After a year of living in a dorm room, you start to consider it a home. Moving off-campus for a summer — or a semester, depending on which class you are in — feels like leaving that home for good. As college students, we are not meant to find one home on campus; we are constantly moving from building to building. This truly struck me as I packed up my first-year room, very aware of the fact that I could not leave anything — or I would be charged $50.
Although campus becomes our home, we do not have a definite home base. Each summer, many of us return to our original home, leaving nothing in Oberlin. This fluidity makes it difficult to navigate a sense of place. Not only must we navigate career aspirations, social life, and figuring out how to live without much guidance, but we must also learn to balance many homes.
The pandemic turned this already-tricky process even knottier. In normal years, most students would leave Oberlin in the summer, sharing a break from this collective home. However, the need to de-densify campus led Oberlin’s administration to decide on a three-semester system, pushing one class off campus each term, while the rest of the student body remained on Oberlin’s grounds.
Off-campus, we miss the energy of move-in day, the frenzied first day of classes, the rollercoaster that is finals week, and the tears as everyone moves out. Although we all got a chance to experience these landmarks of a semester at college, it was disjointed; we were not truly together as an Oberlin student body throughout this year. The distance fostered a fear of missing out and guilt for not being in Oberlin to take part. But we had no choice but to distance ourselves from the campus as others wove a web of a semester’s memories.
Social media and Campus Digest emails constantly exposed us to daily life at Oberlin, through pictures of a filled Wilder Bowl on a sunny afternoon, the day’s menus, links to virtual events, and advertisements for club meetings. With COVID-19 restrictions being lifted, events and meetings are being held in-person, making it that much more difficult to stay involved from afar. Stuck in our original homes, we watched our secondary home fill up with laughter and passion.
I imagine many students first tried to stay in touch with campus; I certainly did. The Campus Digest emails are a big help in staying connected. They serve as daily reminders of professors’ and students’ awards, reopenings, club events, and informational sessions. But it’s the summer now, with gorgeous weather and everyone itching to get back in-person. There are barely any virtual events, and it is tiring to constantly be wishing you are in a place you cannot be.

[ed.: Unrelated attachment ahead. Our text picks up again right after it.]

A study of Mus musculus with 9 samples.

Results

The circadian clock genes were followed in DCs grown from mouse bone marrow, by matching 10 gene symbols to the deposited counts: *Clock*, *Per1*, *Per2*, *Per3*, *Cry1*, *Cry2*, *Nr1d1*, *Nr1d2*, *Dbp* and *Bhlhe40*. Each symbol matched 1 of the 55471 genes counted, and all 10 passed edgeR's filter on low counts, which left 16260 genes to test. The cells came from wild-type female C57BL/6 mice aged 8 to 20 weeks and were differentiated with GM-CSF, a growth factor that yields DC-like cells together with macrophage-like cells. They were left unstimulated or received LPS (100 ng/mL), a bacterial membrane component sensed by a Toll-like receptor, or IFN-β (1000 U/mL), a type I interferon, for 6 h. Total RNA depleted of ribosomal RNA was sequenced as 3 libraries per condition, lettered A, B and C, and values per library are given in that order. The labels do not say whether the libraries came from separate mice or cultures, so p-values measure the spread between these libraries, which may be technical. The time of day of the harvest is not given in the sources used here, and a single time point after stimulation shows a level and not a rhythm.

Even if there were still many online possibilities, how much of my time should I pour into Oberlin? There is a sense of obligation to Oberlin as our home, our school, and a safe space for many. But there is also a conflicting obligation to my original home, New York, where I am spending the summer. Shouldn’t I be prioritizing my New York community while I am here?
Our original homes educated us and shaped our worldviews and passions, readying us for Oberlin. As everyone complains about having to be home for a semester, it discredits the effort our communities put into making us who we were when we got to Oberlin. Rather than looking at this semester off as time away from Oberlin, I have come to view it as time to appreciate my original home.
Unfortunately, as valuable as some time off may be, it does lead to a jumbled sense of place. It is even worse when only part of me feels distant from Oberlin. I feel pulled between Oberlin and New York, and I cannot drop either entirely. It’s hard to answer — where is our place?
As we explore this question, each of us winds up in a slightly different situation. Some may choose to read the Campus Digest daily and go to every virtual event. Others may throw themselves entirely into their original home and put Oberlin largely out of their minds. I have taken to reading through the Review, occasionally scrolling through Instagram pictures of beautiful Oberlin, and using this column as a way to reflect on my year as an Obie. Even in a non-wacky year, multiple home-bases and distance from Oberlin is something students learn to manage. It just takes a bit more effort when campus is alive with student life.